Google Page Speed Service

How to setup Google Page Speed ServiceGoogle Page Speed Service is a new CDN (Content Delivery Network) service by Google to speed up your site by fetching your blog/website contents, optimizing, and then serving them through Google servers around the world. The service is still under invitation only at the moment (you can register your interest if you want to try) and yesterday I received an email with the invitation link.

I’m already using CloudFlare CDN solution but I’m willing to give Google Page Speed Service a try. The instructions were quite complicated so I thought of writing this post to give some pointers (many thanks to Tech Walls post for some pointers). So how do you setup Google Page Speed Service? Is it worth the effort?

How to setup Google Page Speed Service

1) Activate the service by clicking on the email Google sent you.

2) Follow the instructions to enter your domain name and all that, should be easy enough to follow

3) Now the tricky part when you have to verify that you own the domain name.

BE REALLY CAREFUL WITH THIS. Entering the wrong information may result in your domain name pointing to no where!

Google should ask you to verify it by entering a certain TXT record. It’s the screen where it says something like:

A TXT record is an entry within the Domain Name System (DNS) that provides supplemental information about your domain. You can create a TXT record that proves to Google that you own the domain.

Craving Tech is hosted at HostGator so through the cPanel, there is an Advanced DNS Zone Editor where I can enter this information that Google wants. So follow the instructions by looking at my screenshot here:

DNS edit information

Use the verification code/text Google displayed on the screen and enter it on the TXT Data field.

4) Verify that everything works correctly.

Google Page Speed Service Verify

5) Setup a reference domain

Google wants you to create a sub-domain as a reference which will fetch the content to the right/original server that your domain points to now. What you need to do is add something like mine: ref.cravingtech.com (I did it on the same Advanced DNS Zone Editor screen). Use the same IP address that you see on yours for your original domain.

Google Page Speed Service reference

Now you have to wait for a while until the DNS changes have propagated throughout DNS servers around the world. The best is to go to http://www.whatsmydns.net and enter your “ref” URL just now (in my case, ref.cravingtech.com). If the DNS changes have successfully been propagated, you should see green ticks all over when you click on the search button:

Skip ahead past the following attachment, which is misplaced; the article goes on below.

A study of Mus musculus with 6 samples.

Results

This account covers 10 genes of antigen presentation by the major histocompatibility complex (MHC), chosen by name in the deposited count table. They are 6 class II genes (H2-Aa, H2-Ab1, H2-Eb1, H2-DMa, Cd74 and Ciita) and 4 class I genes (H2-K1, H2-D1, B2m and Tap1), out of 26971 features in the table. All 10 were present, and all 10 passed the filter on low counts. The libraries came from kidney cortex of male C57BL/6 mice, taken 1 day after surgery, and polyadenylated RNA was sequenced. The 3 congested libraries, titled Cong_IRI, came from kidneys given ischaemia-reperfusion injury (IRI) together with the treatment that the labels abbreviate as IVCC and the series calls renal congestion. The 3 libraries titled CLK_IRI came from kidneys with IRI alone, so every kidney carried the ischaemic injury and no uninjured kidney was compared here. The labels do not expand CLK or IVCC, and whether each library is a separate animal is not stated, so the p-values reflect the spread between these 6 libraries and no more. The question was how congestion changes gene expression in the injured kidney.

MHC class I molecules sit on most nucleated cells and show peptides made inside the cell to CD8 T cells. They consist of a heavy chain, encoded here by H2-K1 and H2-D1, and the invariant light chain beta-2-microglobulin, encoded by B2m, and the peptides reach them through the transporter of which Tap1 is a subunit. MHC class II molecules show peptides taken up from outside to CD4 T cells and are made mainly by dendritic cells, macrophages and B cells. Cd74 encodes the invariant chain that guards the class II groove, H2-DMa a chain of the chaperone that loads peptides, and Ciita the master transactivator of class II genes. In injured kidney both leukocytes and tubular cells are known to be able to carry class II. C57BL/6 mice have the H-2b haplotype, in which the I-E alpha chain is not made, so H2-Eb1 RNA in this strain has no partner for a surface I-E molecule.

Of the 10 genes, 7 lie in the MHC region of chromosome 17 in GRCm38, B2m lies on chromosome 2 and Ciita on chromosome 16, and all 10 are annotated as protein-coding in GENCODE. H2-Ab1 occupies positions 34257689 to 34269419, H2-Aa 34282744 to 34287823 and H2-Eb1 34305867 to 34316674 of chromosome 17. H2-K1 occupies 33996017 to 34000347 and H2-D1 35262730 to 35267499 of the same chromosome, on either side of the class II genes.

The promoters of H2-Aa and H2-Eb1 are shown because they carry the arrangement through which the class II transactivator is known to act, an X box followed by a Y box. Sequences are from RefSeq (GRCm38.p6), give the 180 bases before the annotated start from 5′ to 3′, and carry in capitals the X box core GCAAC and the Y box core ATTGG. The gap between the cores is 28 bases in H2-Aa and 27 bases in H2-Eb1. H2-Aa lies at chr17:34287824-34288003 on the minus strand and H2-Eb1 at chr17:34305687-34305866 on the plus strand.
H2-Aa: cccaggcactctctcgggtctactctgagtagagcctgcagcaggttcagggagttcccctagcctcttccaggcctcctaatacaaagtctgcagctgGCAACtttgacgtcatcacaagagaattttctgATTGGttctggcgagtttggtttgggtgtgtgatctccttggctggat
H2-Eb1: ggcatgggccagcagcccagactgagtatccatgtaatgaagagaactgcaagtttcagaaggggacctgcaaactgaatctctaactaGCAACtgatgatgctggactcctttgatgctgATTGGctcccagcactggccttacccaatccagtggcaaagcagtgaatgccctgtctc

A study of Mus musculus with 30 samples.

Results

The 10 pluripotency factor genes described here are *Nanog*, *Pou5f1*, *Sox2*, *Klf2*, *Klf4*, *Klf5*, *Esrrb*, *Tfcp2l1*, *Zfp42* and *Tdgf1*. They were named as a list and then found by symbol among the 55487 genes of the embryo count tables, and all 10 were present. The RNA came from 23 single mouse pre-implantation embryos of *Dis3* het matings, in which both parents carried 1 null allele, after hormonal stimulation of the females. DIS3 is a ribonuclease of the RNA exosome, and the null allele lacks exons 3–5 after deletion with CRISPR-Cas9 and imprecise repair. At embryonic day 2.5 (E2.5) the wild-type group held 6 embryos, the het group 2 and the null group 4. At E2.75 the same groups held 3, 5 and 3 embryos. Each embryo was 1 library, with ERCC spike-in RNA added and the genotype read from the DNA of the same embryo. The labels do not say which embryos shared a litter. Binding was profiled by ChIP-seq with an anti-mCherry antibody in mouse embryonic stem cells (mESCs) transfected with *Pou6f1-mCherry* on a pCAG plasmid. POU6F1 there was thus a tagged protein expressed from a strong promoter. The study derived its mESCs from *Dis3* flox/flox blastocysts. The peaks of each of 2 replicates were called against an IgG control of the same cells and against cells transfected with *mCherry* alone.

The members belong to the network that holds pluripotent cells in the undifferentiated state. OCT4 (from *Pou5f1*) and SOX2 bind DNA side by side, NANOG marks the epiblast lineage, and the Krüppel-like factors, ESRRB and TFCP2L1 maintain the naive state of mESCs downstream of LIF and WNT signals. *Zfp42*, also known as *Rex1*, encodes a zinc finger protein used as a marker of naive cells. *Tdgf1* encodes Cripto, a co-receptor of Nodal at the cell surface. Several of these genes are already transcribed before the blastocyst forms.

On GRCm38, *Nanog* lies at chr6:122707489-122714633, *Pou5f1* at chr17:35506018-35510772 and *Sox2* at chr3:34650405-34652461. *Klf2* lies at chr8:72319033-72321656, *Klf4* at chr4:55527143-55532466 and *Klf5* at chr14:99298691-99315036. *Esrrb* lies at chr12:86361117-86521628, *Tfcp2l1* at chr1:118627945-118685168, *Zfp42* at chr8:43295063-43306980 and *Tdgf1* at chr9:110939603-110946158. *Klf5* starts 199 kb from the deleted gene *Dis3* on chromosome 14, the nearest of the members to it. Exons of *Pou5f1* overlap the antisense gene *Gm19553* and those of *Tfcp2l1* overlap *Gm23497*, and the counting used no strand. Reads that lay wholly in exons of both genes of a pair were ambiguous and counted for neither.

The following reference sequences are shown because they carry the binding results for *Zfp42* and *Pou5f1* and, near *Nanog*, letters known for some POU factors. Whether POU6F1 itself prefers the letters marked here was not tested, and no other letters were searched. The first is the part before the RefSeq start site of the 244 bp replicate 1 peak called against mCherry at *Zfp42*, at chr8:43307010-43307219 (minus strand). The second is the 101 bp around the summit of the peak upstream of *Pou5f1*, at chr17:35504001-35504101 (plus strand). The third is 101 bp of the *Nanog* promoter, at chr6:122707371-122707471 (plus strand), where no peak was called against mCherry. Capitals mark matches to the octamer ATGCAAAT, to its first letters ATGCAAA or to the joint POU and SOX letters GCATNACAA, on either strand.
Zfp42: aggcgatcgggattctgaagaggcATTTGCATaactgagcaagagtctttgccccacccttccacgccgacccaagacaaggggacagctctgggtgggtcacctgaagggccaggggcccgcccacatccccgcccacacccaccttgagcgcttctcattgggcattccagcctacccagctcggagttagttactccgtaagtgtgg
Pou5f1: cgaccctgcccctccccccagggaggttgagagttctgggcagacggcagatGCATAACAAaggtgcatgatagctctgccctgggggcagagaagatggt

Google Page Speed DNS propagates

Once you see the green ticks, go back to Google Page Speed Service Step 3 screen, enter your ref URL, and press the Continue button to go to the next step.

Google Page Speed Service Step 3

6) Change your domain CNAME entry to ghs.google.com

Use the Advanced DNS Zone Editor (if you have it on cPanel) and edit the CNAME entry to point to ghs.google.com:

Google Page Speed Service CNAME

7) Done! Now check that everything works by:

  • Going back to http://www.whatsmydns.net, type your URL, and click on the search button. If you see at least one server showing ghs.google.com instead of your URL, then you know that what you did was correct. It will take some time (hours) before the CNAME change you made propagates through the whole world servers, so check back after a while to make sure they all point to ghs.google.com
    Google Page Speed Service final
  • Go to your Google Page Speed Service Dashboard and notice the first few entries:Google Page Speed Service Dashboard
    If you see a graph and a few hits, then it is working! Just wait until the whole thing propagates before you see the full stats and power of Google Page Speed Service :)

Google Page Speed Service – Before and After

So after all this trouble, let’s find out whether Google Page Speed Service is worth the effort!

Using WebPageTest, I did a test before and after I installed Google Page Speed Service.

Before Google Page Speed Service:

Before Google Page Speed

Score is 81 | View report

After Google Page Speed Service:

After Google Page Service

Score is 86 | View report

Google Page Speed Service Performance Conclusion? Hm, not sure. It looks like it doesn’t do much compared to my previous CloudFlare + W3 Total Cache combo (I still have the W3 Total Cache installed and running). I’ve heard that with Google Page Speed, you don’t need to have a caching plug-in anymore? What do you think? For now, I’ll keep the Google Page Speed Service at least until they’ve declared it to be a premium solution then I may go back to CloudFlare.

I’ve also been getting “F” for the First Byte Time for months now. Seems that those from Australia who have their blogs hosted in the U.S got an “F” (even when I tried testing Google.com last time). Must be a connection/cable problem somewhere in the ocean maybe?

If you want to give Google Page Speed Service a try, register your interest and pray to be selected :) Don’t forget to bookmark this page in case you get it and have no clue how to set it up!

Note: If you are having problems with your RSS feed while having the Google Page Speed Service, read my fix RSS feed issue with Google Page Speed Service.